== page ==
Last year I wrote a post about anxiety and how it affects me: When Anxiety Attacks. I wrote it because I know that I am not the first nor will I be the last person to suffer from anxiety. I am also a huge believer in problems shared are problems halved and talking away taboos is half the battle. So here I am, talking about it again.
I sought help for my anxiety and it lead me to examine why I am built this way. There are personality traits that lead me down the path to panic land. I am analytical. I can see potential issues that others don’t pick up. I have a tendency towards perfectionism. I want to please people. I have a vivid imagination. I have high standards, for myself and others. These aren’t bad traits to have. In fact, they have served me well in my career. But the combination means that I tend towards disproportionate worrying. It means I need to be aware of the early warning signs and keep them under control. This healthy self-awareness is no different from the person who knows they burn easily and lathers themselves in sunscreen and a broad brim hat. I just protect myself in different ways.
When my head and heart start to race towards that unhealthy place, I take a moment. Rather than searching for a reason for my burgeoning anxiety I tell myself this: “This happens to you sometimes. It’s not uncommon. You don’t have to find a reason for it. You don’t need to justify it. Breathe. Be mindful. Be kind to yourself. Acknowledge and let go.” In the past, I have frantically searched for a reason for the tightness in my chest. When I couldn’t find one, I’d conjure one up. I’d heap an imaginary problem into my head to provide myself with an excuse for feeling the way I did. I know more about anxiety now. I know it’s not necessarily logical, although it will wear that mask. When I stop trying to justify the anxiety, I take away its oxygen. I reduce its legitimacy and it shrinks back to normal size.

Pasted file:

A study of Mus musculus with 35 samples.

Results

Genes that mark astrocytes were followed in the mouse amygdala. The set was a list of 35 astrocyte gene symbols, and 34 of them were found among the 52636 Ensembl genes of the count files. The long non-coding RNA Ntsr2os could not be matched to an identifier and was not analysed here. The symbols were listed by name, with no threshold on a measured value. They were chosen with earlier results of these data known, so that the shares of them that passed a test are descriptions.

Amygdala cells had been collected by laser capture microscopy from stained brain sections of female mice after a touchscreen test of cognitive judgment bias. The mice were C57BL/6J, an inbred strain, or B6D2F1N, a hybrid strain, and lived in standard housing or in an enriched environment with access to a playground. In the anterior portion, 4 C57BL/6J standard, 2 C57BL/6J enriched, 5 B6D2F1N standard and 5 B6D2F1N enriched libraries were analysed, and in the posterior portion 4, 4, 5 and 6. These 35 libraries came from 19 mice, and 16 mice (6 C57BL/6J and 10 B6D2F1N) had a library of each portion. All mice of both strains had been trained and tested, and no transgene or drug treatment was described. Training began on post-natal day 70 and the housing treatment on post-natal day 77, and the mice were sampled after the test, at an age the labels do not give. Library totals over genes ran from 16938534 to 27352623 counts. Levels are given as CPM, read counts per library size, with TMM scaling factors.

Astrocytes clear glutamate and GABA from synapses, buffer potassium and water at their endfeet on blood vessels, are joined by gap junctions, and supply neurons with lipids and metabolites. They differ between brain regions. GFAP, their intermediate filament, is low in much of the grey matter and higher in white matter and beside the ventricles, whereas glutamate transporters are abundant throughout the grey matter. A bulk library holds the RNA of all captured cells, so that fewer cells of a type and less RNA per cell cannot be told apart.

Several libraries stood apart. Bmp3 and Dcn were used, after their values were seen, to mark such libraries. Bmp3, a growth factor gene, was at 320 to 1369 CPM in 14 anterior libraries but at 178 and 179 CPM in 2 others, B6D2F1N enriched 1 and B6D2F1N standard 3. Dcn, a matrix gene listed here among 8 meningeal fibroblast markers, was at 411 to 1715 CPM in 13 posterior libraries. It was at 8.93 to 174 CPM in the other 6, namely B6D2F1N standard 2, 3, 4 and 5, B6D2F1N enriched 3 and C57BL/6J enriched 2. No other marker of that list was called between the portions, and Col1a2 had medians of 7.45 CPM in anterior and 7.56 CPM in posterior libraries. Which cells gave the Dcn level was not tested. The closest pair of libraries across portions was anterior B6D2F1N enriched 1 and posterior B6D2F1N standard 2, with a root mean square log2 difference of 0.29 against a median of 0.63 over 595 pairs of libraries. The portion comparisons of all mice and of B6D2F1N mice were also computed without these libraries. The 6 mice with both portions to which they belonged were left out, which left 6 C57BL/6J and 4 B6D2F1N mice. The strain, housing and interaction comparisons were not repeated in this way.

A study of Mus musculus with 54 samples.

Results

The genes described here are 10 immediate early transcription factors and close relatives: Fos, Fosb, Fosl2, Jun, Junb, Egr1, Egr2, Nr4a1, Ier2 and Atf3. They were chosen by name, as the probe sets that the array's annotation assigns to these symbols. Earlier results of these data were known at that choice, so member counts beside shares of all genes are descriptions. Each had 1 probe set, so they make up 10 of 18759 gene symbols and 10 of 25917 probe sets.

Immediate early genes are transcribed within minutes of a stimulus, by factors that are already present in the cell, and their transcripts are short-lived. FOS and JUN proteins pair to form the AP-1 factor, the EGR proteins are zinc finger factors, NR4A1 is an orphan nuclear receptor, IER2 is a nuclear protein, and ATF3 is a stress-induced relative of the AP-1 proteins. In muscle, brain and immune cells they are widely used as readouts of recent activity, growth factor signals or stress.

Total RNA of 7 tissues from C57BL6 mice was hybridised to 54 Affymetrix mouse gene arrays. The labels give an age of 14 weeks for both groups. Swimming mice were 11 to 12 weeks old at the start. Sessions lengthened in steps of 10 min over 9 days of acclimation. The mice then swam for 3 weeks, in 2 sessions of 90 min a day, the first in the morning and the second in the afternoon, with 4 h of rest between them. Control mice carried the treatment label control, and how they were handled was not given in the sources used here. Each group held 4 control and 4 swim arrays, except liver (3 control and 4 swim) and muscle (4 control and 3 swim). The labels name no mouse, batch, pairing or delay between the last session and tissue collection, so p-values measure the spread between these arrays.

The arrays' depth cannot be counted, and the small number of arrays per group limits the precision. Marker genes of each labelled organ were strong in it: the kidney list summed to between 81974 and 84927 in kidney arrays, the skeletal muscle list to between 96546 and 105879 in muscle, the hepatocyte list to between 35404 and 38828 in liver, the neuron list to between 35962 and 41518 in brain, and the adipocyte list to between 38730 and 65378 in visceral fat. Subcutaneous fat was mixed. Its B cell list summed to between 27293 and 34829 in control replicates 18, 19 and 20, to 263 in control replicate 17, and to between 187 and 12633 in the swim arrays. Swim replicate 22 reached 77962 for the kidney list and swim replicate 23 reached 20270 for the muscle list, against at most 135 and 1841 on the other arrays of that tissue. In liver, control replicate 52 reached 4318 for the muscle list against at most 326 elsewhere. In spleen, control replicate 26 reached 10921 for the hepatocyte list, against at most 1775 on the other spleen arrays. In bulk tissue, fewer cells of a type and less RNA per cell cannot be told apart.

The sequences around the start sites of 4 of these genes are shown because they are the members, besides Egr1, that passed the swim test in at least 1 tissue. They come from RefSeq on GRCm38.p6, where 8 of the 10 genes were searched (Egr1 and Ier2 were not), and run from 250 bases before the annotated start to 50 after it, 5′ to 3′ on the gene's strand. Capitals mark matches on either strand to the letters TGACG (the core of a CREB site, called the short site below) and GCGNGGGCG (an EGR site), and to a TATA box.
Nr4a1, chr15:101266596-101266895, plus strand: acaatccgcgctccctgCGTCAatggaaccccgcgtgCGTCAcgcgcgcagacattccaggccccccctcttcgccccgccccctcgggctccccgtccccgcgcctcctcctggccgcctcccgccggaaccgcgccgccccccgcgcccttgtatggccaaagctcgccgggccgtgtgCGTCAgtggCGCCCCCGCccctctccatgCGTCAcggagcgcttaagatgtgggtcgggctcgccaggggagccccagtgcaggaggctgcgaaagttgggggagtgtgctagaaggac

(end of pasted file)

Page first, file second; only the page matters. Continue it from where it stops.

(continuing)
While I have managed to beat anxiety when it creeps in for no particular reason, I still have issues with ambiguity. Where there are gaps and spaces, I fill them with the worst possible scenario. Someone has’t emailed me back? They must not like me. In reality, they have just been busy. Someone hasn’t said hello to me at school pick-up? I must have done something to anger them. In reality, they are dealing with a family crisis and not as social as they normally would be. I am much less integral to the way other people act than my anxiety would have me believe.
This is something I need to watch. I can easily take unrelated threads and fabricate them into wild story. And then believe the story I have weaved. A vivid imagination, the need for closure and the tendency towards self-doubt can take me to some needlessly dark places. It’s then that I reach out for a reality check. Sometimes the perspective of another person is all I need to climb out of the hole I have dug for myself. Sometimes reading someone else’s experience gives me the light-bulb moment I need to reduce the blackness.
So this is me, letting whoever is reading and nodding along know that you aren’t alone. Not by half. What you are feeling isn’t silly or wrong, it’s your mind wandering into dark places. The trick is figuring out how to find the light or how to reach out to the hand of a person willing to guide you out.